Secret Testing of 2015 Ford F-150 Results in Production Changes
Aluminum Cargo Boxes Get Real-World Torture Tests
When it was officially announced that the 2015 Ford F-150 would have an all-aluminum body, it had a massive impact on the segment and left many wondering how well this new material would hold up to the rigors and abuse that fullsize trucks can typically endure in the field. Ford knew that it would have to prove the ‘15 F-150 wasn't just as tough and as good as its predecessor, but tougher and better.
However, real-world prototype testing is a cat-and-mouse game of trying to hide vehicles in plain sight, eluding the seemingly ever-present spy photographers while gathering real-world test data. But Ford went incognito in its testing of components for the ‘15 F-150. The first step was entering an aluminum-bodied truck with the 2.7L EcoBoost V-6 in the Baja 1000, unbeknownst to other drivers. The truck finished the grueling race without any major issues.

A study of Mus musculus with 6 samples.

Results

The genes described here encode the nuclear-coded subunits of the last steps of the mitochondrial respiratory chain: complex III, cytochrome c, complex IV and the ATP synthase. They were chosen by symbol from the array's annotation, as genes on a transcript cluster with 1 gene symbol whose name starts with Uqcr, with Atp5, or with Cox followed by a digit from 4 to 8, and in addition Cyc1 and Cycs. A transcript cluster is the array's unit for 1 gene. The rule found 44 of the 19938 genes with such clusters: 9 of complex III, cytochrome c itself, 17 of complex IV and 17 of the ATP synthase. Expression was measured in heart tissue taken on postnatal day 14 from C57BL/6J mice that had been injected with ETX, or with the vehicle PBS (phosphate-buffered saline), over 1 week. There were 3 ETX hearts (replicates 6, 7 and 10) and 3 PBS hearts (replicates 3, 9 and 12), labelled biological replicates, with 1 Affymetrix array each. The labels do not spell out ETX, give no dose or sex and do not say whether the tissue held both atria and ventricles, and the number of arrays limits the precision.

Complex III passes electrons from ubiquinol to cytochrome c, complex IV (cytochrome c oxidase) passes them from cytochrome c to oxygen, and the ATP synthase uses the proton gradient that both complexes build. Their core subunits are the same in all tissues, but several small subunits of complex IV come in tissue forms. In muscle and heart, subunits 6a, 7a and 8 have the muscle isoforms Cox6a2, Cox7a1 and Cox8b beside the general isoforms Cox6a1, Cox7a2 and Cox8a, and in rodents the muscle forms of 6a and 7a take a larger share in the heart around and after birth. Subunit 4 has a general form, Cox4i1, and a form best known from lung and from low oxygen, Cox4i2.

Step two was the under-cover deployment of six F-150s equipped with aluminum cargo boxes in various vocational settings to give Ford engineers some real-world feedback and observation about how the material fared under on-the-job punishment. The trucks were evaluated every three months to gauge usage patterns and potential issues. In the course of testing, a decision was made to increase the thickness of the bed material for greater durability. A visibility issue reported by another user also resulted in some changes to the bed and seat heights to improve visibility.
The customers were not given specifics of what was changed on the truck, but some became suspicious when the exposed sheetmetal in the beds did not exhibit the typical red surface corrosion seen under hard use. The trucks are still being used today, with some being driven hundreds of miles a day under rigorous conditions.